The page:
I fondly remember the MEC, when Microsoft had an entire show dedicated to Exchange Server. My first broad exposure to the Exchange community was at MEC 1998 in Boston, at which I learned a lot from experts such as Tony Redmond, Pierre Bijaoui, and Charles Eliot. Microsoft has since absorbed the MEC's Exchange content into the company's annual TechEd and IT Forum conferences. That's a shame, because the total number of session slots for Exchange material is much smaller than the number available with a dedicated conference.
That's why I'm so excited about Exchange Connections, coming up October 31 to November 4 in San Diego. This Exchange-focused show features expert speakers with a deep knowledge of Exchange, and the show is small enough to allow for more interaction between attendees, vendors, and speakers, of which I am one. The sessions cover the areas of Exchange that administrators are interested in, not just the hot buzzword of the week. The show also has substantial participation from Microsoft, with expert speakers sharing their detailed knowledge (plus plenty of interesting demos).
Each speaker typically presents three sessions. However, because one of the scheduled speakers had a family emergency that will prevent him from appearing, I'll be presenting five sessions:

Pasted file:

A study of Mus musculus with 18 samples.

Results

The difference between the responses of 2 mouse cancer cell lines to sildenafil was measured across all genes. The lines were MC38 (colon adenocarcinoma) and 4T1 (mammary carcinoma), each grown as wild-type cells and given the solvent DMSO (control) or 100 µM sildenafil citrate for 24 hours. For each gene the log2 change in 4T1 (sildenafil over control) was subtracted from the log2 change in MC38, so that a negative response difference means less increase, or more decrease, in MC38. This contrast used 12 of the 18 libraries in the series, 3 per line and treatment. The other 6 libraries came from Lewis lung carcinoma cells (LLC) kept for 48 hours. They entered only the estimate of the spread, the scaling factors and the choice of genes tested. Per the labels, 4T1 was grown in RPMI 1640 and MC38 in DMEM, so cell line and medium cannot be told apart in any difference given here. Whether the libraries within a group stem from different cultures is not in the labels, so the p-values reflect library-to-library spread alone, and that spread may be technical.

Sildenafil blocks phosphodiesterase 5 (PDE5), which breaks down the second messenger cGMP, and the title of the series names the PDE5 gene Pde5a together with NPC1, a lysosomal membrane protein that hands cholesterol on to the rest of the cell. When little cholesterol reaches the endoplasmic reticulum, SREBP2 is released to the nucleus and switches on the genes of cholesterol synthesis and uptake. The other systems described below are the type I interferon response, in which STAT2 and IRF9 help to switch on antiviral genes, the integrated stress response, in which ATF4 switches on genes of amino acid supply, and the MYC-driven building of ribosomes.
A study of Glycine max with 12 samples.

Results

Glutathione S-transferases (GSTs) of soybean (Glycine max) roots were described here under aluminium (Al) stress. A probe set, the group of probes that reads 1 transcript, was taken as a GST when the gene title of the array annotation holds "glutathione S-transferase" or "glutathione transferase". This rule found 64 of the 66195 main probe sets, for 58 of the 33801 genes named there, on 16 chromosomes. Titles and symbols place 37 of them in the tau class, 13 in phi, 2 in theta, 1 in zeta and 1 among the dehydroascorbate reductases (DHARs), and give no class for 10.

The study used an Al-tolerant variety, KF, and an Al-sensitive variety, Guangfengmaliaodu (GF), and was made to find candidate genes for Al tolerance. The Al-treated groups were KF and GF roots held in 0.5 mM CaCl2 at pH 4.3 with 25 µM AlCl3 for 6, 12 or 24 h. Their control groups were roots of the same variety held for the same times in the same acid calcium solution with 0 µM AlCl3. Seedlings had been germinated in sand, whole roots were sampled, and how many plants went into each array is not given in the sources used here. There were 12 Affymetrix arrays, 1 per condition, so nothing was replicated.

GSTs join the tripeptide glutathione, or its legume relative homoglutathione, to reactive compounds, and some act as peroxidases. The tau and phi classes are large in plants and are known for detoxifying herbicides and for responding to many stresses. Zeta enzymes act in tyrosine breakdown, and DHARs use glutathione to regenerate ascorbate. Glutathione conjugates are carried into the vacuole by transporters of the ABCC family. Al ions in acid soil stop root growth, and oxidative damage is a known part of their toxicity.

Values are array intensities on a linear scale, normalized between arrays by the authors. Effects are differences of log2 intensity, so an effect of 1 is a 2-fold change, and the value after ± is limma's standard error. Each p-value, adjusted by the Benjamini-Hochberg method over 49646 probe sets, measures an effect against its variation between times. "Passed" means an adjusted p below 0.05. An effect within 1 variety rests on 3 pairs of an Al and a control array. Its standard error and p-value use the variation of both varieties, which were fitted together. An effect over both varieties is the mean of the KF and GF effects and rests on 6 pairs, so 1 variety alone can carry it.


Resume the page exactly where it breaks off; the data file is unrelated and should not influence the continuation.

- "Deploying Rights Management Services with Lessons Learned"-- Microsoft's rights-management approach offers additional protection against some types of security flaws; however, you have to design and deploy it with security in mind. In this session, I will explain how to deploy Windows Rights Management Services (RMS) and what to watch out for when doing so.
- "Exchange Security: Tips and Tricks"--This session has historically been very popular. This year, I expect to spend most of the session talking about security improvements in Exchange Server 2003. I will also have a demo set up to show off some Service Pack 2 (SP2)-specific features.
- "Multi-Forest Deployments"--Exchange is designed to operate within a single Active Directory (AD) forest, but sometimes you need to set up operations that span two or more forests. In this session, I will talk about how to set up coexistence between Exchange deployments in separate forests.
- "Layered Anti-Spam with Exchange"--Exchange has a powerful built- in set of antispam tools, but are they enough? In this session, I will discuss how Exchange's built-in tools work and what you can do with them.
- "Fun With Global Settings, Message Limits, Recipient Policies, and Connectors"--You can do a lot of things with Exchange's built-in limits and connector settings. I this session, I will explain how to use them to have fun. (OK, not really, but I will explain how to use them to better control how messages flow into and out of your organization.)
My favorite part of the show is talking to you, the readers. If you're planning to attend, I encourage you to drop by one of my sessions or look for me in the exhibit hall. I'll be the one hounding vendors about their security policies.